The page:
Hidden Costs of Reusuable Bags:
From Iceland to Australia; San Francisco to Cape Town; and everywhere in between, people are carrying reusable bags. Not surprisingly, big-corporate worldwide have jumped on the bandwagon, offering cheap or free reusable shopping bags as a badge of being green.
Unfortunately, these cheap reusable shopping bags are often more of a marketing ploy than a great choice for the environment. The real heavy lifting required from retailers to put a dent in consumption - like charging for plastic bags and retraining checkout staff to ask for reusable bags - takes far more work than offering a cheap bag made of plastic. Digging a little deeper reveals that many reusable bags are nothing more than another example of green-washing.
Three key questions can prevent you from mindlessly consuming a cheap or free reusable bag:
- Are you going to use it?
- Will it last?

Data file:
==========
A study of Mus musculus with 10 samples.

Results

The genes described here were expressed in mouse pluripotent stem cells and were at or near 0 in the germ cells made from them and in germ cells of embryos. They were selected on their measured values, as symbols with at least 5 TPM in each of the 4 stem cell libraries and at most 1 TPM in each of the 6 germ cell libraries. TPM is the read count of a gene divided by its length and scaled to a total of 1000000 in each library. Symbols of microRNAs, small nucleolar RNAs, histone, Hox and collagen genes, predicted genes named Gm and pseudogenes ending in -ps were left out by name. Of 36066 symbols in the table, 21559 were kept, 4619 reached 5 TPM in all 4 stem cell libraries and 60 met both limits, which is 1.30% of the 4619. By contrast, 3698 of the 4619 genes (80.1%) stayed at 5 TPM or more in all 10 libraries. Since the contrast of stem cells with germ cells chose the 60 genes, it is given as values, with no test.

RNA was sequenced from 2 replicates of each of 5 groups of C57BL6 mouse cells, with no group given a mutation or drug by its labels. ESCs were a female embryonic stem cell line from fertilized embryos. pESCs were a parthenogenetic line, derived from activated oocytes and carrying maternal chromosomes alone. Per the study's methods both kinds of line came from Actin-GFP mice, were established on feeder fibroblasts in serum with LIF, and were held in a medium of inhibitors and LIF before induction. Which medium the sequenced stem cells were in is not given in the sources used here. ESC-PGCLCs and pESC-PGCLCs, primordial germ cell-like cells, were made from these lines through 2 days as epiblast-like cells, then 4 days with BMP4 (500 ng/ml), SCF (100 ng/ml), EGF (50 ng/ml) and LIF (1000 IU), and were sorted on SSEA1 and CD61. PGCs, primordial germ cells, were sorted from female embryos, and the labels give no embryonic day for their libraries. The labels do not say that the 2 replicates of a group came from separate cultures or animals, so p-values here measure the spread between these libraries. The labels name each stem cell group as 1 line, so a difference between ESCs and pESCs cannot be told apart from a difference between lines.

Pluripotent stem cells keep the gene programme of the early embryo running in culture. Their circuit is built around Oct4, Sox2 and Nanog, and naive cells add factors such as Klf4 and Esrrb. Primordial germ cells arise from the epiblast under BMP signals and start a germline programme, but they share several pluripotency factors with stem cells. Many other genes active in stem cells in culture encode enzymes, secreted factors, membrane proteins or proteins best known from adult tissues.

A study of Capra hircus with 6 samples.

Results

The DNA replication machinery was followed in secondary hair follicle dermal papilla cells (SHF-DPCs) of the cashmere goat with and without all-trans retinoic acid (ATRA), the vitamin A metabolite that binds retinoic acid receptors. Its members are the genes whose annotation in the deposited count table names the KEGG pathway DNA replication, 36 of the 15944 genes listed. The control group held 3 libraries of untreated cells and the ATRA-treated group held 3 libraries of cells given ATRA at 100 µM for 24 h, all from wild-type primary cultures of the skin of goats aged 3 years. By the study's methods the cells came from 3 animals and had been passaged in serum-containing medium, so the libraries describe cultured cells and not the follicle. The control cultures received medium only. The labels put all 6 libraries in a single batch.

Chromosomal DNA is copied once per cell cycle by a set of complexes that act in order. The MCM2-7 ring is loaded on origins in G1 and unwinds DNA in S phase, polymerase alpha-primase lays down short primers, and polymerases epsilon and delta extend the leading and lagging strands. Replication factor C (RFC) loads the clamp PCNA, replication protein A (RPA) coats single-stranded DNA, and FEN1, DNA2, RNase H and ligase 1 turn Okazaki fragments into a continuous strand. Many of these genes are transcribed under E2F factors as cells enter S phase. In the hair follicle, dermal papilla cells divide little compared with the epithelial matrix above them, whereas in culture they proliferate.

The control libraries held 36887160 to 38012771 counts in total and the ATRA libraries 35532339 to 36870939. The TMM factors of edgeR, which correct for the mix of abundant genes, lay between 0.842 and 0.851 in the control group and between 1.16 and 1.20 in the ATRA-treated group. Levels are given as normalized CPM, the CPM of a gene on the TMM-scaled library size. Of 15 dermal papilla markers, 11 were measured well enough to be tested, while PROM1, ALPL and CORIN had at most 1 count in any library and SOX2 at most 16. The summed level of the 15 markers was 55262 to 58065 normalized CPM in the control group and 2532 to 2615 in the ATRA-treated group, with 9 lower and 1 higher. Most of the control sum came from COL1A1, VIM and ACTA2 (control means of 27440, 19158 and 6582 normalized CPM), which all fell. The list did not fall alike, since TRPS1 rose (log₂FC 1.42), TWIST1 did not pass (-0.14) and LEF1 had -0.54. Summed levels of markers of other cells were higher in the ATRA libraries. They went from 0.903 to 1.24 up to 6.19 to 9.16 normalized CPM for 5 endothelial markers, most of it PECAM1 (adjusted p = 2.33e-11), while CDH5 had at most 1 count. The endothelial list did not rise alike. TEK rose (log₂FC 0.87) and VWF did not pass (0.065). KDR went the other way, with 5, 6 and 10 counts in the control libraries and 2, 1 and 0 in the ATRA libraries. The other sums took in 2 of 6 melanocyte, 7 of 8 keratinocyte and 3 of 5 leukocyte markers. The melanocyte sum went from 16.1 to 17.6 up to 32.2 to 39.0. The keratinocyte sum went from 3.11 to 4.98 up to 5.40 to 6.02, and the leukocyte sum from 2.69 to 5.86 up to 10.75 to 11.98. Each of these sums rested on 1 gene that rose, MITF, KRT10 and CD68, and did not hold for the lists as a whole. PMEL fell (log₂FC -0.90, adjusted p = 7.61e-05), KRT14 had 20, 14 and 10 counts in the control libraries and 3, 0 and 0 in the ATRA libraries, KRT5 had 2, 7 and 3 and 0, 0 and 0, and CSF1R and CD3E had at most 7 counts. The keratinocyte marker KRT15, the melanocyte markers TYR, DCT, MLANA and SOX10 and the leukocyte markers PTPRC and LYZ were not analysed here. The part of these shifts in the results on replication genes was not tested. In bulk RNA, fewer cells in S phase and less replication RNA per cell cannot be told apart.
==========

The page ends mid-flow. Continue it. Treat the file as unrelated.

- Do you trust the company producing it?
4 Things to Reusable Bags
- Who's making the bag? And where is it made?
- Will the bag last long enough?
- If it's free, will it be worthwhile?
- Quality, not quantity.
Who's making the bag and where?
Perhaps the most important question to ask a retailer when considering whether to add a free or cheap reusable bag to your collection is: How are the bags being produced so inexpensively? Fair Trade and Fair Labor practices ensure that employees get a healthy work environment and living wages, and that the goods are produced in a manner that protects natural resources. Such practices usually mean a higher bottom line, which makes inexpensive reusable bags suspect at best and a harmful contradiction at worst if people or natural resources are being exploited to produce them.
Will the bag last?
Even if a cheap or free reusable bag is made according to Fair Labor practices, chances are, the materials and/or the construction of the bag are of poor quality. Cheaper construction may include using toxic or unsafe materials. Or, the bags simply may not last. A cheap reusable bag will break after a few uses - bags that are more flimsy than sturdy will start to give way as you load them up with gallons of milk, cantaloupes and other weekly essentials. Soon, they end up in the garbage can or the recycling bin, minimizing the number of uses and, paradoxically, increasing bag consumption. A high quality reusable bag eliminates hundreds of cheap reusable bags, and thousands of paper and plastic bags, over its lifetime.